Sunday, 19 February 2017
And I urge you also, true companion, help these women who labored with me in the gospel, with Clement also, and the rest of my fellow workers, whose names are in the Book of Life. Philippians 4:3
Speaking of Euodia and Syntyche of the previous verse, Paul now implores some unidentified person, here translated as “true companion,” to intercede. The word is suzugos, and it is only found here in the Bible. It indicates a “yoke-fellow,” or a “colleague.” It is wholly unknown who it is. There are several interesting speculations.
One is that it is Epaphroditus who is being sent back with the letter. It could also be Luke who was closely associated with the church at Philippi. Other names have been suggested as well. However, the word could be used as a proper name. If the name means “Yoke Fellow,” then his name could form the same type of play on words that Onesimus does in the book of Philemon. If a proper name, it could be his given name, or a nickname which was bestowed upon him by Paul and by which he had become known. In the end, it is all speculation, and the truth is lost to history.
Whoever this yoke-fellow is, he is now asked to “help these women.” Again, it is speaking of Euodia and Syntyche. In the past, Paul notes that they “labored with me in the gospel.” They may have helped him financially as the women did who were with Jesus as is seen in Luke 8:3. The word used to describe their labors is found only here and in Philippians 1:27. It means “to strive together.” Whatever their labors were, it was of great help to Paul, so great that he put their efforts on an equal standing with his.
He then notes, “with Clement also, and the rest of my fellow workers.” He has placed these two women in a high position of note along with all of the others who labored with him. Clement is speculated by some to be Clement, bishop of Rome. This goes all the way back to the time of Origen. Others dismiss this as unlikely. However, he is singled out by name here as being a great help to Paul, and acknowledged as such.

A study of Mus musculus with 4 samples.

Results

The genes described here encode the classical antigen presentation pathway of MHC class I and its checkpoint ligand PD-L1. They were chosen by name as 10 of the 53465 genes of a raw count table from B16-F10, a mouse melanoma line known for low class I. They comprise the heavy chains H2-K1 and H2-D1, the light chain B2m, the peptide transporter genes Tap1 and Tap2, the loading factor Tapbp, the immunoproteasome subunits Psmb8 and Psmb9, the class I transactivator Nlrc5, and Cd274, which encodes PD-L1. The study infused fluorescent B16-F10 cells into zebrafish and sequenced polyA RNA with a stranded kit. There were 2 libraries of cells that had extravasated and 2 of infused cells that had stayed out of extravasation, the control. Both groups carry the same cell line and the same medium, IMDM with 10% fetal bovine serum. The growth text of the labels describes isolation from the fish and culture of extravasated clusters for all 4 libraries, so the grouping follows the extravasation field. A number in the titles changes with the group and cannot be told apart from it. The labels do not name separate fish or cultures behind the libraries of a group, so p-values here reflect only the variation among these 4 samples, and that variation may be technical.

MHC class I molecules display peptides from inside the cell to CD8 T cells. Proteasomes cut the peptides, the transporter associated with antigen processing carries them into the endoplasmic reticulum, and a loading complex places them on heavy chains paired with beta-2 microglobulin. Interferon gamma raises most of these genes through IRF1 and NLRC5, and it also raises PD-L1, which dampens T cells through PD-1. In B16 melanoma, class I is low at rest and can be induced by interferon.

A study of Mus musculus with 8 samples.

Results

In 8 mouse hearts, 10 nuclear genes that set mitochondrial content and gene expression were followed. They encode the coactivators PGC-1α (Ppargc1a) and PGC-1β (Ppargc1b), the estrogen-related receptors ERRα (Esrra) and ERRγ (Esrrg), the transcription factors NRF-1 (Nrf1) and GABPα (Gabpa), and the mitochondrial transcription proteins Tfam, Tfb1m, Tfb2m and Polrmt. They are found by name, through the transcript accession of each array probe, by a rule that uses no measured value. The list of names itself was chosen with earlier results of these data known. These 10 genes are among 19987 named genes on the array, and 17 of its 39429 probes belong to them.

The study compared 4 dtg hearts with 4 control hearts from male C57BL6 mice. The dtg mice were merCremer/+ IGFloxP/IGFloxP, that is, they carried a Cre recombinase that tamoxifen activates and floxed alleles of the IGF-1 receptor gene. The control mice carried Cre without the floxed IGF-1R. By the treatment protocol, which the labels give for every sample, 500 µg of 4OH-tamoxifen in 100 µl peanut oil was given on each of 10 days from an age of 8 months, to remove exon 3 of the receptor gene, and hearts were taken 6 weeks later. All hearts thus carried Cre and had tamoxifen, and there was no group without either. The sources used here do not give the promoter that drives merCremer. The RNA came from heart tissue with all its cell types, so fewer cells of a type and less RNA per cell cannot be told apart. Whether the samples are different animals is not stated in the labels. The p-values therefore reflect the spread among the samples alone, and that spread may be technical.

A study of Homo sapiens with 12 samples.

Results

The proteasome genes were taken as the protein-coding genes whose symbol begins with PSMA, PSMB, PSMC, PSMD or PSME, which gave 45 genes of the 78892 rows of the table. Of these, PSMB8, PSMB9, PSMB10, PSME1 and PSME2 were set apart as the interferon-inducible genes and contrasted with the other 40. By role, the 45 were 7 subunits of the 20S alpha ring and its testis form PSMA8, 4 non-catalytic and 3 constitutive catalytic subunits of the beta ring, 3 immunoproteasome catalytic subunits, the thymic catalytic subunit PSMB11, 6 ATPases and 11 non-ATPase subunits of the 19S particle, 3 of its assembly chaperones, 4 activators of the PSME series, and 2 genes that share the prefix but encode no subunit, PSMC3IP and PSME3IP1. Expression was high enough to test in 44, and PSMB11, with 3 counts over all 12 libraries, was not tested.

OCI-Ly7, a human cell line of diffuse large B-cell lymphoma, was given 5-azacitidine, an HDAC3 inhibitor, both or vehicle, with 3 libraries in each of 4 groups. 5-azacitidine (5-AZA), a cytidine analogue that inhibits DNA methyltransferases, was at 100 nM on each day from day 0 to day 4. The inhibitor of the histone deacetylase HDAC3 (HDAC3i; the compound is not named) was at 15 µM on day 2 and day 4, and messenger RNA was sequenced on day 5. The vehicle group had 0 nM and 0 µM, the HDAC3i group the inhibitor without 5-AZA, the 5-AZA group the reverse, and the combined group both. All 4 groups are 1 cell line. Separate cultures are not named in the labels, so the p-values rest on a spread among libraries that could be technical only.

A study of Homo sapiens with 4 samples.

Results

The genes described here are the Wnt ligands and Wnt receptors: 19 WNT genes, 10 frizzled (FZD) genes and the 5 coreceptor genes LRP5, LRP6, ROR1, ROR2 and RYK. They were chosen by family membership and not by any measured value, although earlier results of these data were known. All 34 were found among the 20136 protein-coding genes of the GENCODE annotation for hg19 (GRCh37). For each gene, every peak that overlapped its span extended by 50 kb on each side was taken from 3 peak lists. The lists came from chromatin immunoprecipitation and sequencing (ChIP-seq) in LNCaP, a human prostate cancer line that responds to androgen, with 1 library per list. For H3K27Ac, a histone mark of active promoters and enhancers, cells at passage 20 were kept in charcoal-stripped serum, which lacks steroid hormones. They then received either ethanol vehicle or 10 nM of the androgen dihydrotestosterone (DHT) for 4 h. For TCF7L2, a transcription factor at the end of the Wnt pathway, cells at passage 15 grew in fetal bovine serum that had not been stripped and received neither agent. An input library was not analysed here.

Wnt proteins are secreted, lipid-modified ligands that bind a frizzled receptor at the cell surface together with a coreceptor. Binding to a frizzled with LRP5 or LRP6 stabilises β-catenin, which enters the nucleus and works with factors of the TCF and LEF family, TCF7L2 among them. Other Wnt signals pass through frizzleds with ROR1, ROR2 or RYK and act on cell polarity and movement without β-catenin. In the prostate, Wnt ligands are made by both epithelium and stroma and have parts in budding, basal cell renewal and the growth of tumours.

He finishes with noting that these women, along with the others he refers to, have their names “in the Book of Life.” This is not to be taken as a literal book which is in heaven, and which pen and ink are applied to. Rather it is a state in which these people stood, metaphorically identified as a book of remembrance before the Lord. This Book of Life would compare to the saying of Philippians 3:20 which notes those whose citizenship is in heaven. They have come under the blood of Christ, and they are sealed with the Spirit of God. Thus they are in the Book of Life before the Lord. In Revelation 3:5, Jesus says the following about such people –
“He who overcomes shall be clothed in white garments, and I will not blot out his name from the Book of Life; but I will confess his name before My Father and before His angels.”
To “overcome” is to be saved by the blood of Christ. Such salvation is therefore a complete guarantee of entry into heaven for the redeemed.
Life application: Paul’s interest in the affairs of these women indicates his strong desire for there to be harmony and peace between believers. Although this is at times very, very difficult, it is what is asked of us. When strife arises, those around who are aware of it should do their best to assist in the process of reconciliation.
Heavenly Father, it sure can be difficult to get along with other faithful believers. There are varying viewpoints on many fine points of doctrine which often result in more than a little bitterness. We are quick to divide the fellowship over these things, but your words puts a stress on loving the brotherhood. And so help us to do our very best at this. And give us grace to overlook those things which we are able to overlook. With this, You are surely pleased. Amen.